A Timeline history of the Violin Bow - from c. 1600 - 1800

... the sources in detail ...


Riccardo Rognoni (Passaggi per potersi essercitare… 1592)

(Facsimile published by Arnaldo Forni Editore, 2002, with an excellent Preface and translations of both Riccardo and Francesco Rognoni by Bruce Dickey. You can find an online version of the complete facsimile on imslp, here )

The Rognonis were an important and highly respected family around the turn of the 16th to the 17th century. Riccardo (c. 1550 - c. 1620), is the first in this family about whom we have information. He was highly praised as viol player, and a posthumous report (Filippo Picinelli in 1670) writes that he was an “excellent player of the violin and of other instruments of string and wind, he was an Orfeo of his times."
"Since on string instruments it is difficult to pull and push the bow in beginning to play, you must always pull the bow if you play the Viola da Gamba, and also the Viola da Braccio; but short groppetti are made pushing and pulling as you wish, and also taking a new bow when you find quarters in the middle of eighths, or eighths in the middle of quarters, or you can make two notes in one bow, because you cannot make a long division if the bow does not go correctly, because on the Viola da Gamba the bow must be pushed on the eighths and quarters and on the viola da braccio it must be pulled on the eighths and quarters, meaning always for doing a long division, because above all the bowing must always be done correctly."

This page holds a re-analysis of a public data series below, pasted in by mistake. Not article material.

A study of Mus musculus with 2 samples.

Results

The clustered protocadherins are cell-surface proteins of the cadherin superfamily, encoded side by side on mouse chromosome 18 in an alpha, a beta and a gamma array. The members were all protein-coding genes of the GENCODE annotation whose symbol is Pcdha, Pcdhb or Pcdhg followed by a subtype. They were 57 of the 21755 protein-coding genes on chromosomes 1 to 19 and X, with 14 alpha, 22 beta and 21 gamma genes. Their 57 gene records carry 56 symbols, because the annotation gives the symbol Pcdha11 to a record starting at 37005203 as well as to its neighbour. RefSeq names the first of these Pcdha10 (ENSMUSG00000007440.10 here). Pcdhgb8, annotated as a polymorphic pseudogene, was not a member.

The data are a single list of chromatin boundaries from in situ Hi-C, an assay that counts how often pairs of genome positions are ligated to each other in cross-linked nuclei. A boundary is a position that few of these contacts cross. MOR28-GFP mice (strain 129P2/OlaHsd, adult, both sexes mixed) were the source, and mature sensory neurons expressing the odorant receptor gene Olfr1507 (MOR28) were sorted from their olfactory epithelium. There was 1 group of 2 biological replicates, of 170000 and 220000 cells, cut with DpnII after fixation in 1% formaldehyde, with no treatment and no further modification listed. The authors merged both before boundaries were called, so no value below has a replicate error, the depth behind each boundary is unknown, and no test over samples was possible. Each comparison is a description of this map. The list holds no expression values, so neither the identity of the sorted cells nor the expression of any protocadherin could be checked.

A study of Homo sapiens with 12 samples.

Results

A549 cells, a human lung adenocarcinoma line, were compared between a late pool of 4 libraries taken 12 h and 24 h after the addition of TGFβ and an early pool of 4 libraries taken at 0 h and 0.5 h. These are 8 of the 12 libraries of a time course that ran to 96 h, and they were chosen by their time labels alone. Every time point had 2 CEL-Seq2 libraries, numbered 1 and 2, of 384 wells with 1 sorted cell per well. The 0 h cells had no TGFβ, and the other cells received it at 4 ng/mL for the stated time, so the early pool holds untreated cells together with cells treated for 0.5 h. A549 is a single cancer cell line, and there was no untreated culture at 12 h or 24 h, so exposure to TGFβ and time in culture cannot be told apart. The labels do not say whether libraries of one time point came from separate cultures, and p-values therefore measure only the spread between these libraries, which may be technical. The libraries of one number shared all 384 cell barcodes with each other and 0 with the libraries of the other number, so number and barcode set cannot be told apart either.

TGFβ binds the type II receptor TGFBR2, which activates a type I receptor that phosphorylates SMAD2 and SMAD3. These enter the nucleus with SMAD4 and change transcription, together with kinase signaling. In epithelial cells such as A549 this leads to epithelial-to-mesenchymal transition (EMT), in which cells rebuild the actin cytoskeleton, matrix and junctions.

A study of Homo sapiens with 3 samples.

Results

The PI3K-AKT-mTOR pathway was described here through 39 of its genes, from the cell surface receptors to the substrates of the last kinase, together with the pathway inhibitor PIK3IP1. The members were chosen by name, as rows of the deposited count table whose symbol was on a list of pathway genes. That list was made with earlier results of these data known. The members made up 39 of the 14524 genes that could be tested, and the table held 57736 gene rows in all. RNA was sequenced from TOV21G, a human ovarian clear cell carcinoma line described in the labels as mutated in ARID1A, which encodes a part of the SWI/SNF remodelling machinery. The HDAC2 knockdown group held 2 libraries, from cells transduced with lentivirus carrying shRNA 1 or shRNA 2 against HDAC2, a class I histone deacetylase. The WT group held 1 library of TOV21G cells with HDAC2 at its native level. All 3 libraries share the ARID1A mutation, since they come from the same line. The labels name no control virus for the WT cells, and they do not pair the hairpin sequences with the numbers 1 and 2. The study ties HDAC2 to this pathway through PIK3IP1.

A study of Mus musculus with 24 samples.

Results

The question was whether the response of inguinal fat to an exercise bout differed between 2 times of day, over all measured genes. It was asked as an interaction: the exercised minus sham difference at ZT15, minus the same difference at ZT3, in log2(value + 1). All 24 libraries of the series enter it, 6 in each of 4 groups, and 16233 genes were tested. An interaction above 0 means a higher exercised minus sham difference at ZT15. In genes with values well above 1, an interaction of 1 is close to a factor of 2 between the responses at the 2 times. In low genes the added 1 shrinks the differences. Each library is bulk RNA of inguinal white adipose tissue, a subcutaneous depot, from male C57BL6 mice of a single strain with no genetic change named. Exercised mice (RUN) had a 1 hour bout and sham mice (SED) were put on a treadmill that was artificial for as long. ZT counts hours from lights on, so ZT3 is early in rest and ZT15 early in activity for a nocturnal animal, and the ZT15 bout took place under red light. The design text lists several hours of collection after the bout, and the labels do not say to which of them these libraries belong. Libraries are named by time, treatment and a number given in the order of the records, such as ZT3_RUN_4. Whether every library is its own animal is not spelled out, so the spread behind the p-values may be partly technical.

This is actually very confusing, but it is clearly important to Ricardo that you bow in the "right" direction. Given historical context, I think we can assume that Ricardo confuses up and down between the violin and gamba family (but see Bruce Dickey’s discussion) and heavily paraphrased he says: bow the "right way round"; that is, on the violin, use a down bow on the odd-numbered notes, and adjust when the pattern requires, either by slurring two notes or taking a new down.